The color-blindness principle is therefore compatible with the end of the racial segregation system.
It stipulates that institutions remain blind to a citizen's skin color and ethnic origin.
I will then attempt to use the two notions (color-blindness and structural discrimination) to interpret a specific social reality: that of United States and European prison systems.
Neil Gotanda has analyzed the principle of color-blindness in connection with the constitutional history of the United States. Ferguson decision of 1896, in which the Supreme Court upheld the constitutionality of the Southern states' racial segregation system according to the principle that whites and blacks were equal but separate.
Board of Education I decision had held racial segregation to be unconstitutional.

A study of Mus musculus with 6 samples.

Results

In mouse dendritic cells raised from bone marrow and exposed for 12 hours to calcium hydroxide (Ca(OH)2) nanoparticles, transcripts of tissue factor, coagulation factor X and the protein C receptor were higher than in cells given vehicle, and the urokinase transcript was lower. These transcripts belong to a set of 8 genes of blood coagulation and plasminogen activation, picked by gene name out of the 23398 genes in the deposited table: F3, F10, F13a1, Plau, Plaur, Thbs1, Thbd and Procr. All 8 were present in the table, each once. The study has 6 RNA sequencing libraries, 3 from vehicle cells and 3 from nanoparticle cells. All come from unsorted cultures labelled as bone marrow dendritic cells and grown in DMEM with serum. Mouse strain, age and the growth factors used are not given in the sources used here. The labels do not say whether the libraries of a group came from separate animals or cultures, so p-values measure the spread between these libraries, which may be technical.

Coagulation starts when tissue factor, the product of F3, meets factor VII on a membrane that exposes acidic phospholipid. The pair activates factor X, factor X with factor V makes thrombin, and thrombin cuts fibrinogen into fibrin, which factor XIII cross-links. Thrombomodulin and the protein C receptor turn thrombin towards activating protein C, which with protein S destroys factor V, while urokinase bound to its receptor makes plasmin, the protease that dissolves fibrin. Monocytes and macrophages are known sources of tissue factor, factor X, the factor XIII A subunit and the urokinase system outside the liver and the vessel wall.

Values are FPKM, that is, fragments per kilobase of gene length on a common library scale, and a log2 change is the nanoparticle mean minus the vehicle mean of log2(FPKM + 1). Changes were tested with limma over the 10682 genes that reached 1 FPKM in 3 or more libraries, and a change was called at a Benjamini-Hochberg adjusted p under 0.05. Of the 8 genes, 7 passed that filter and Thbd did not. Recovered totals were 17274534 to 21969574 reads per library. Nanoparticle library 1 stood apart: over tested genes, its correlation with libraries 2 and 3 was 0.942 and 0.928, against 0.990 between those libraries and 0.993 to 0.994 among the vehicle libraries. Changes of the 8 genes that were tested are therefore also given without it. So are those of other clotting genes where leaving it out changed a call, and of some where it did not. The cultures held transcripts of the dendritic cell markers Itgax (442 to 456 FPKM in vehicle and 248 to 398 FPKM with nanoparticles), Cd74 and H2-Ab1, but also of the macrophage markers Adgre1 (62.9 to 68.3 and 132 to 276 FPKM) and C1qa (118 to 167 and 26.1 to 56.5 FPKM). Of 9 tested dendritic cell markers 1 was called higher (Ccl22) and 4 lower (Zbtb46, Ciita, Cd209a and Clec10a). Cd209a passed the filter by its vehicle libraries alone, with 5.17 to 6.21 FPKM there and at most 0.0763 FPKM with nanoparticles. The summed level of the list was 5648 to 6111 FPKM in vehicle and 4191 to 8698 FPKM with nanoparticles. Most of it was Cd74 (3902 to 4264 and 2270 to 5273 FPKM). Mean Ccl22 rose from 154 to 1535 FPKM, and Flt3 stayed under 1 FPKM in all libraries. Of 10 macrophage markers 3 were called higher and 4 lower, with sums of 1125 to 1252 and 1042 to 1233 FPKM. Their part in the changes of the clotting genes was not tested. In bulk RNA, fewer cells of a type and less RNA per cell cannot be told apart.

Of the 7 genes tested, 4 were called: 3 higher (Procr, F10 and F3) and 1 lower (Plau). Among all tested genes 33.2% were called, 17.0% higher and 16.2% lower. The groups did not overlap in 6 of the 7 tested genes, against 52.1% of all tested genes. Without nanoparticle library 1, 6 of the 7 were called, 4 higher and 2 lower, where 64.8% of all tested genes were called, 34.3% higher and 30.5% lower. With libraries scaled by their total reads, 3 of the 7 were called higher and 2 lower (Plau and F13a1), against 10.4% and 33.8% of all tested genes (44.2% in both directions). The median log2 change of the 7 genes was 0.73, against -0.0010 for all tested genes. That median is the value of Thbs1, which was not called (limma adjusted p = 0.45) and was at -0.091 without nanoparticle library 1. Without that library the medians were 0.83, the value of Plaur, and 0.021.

In the Court's view, the 1896 decision had failed to consider the racist character of segregation, which was based on the belief in the inferiority of blacks; yet the color-blindness principle was to be maintained.
In Brazil, for instance, in states such as Paraíba, legislation has been passed to make it easier for blacks to go to university - legislation that is based on the individual option of belonging to the "black race ".
The notion of "structural discrimination" is usually used in contrast to that of "voluntary discrimination".
Another concept that is demolished by the notion of "race as culture" is that of the existence of "pure races": if "race" is "culture", then the pluralism of "races/cultures" cannot but lead to a mixed-race society, since cultures are not cages into which individuals are locked up once and for all, but "contaminate" one another and are in constant evolution.
This idea, which at first glance might appear abstract and artificial, originates instead from observation of the current dynamics in many contemporary societies, from that of the United States to European and South American ones.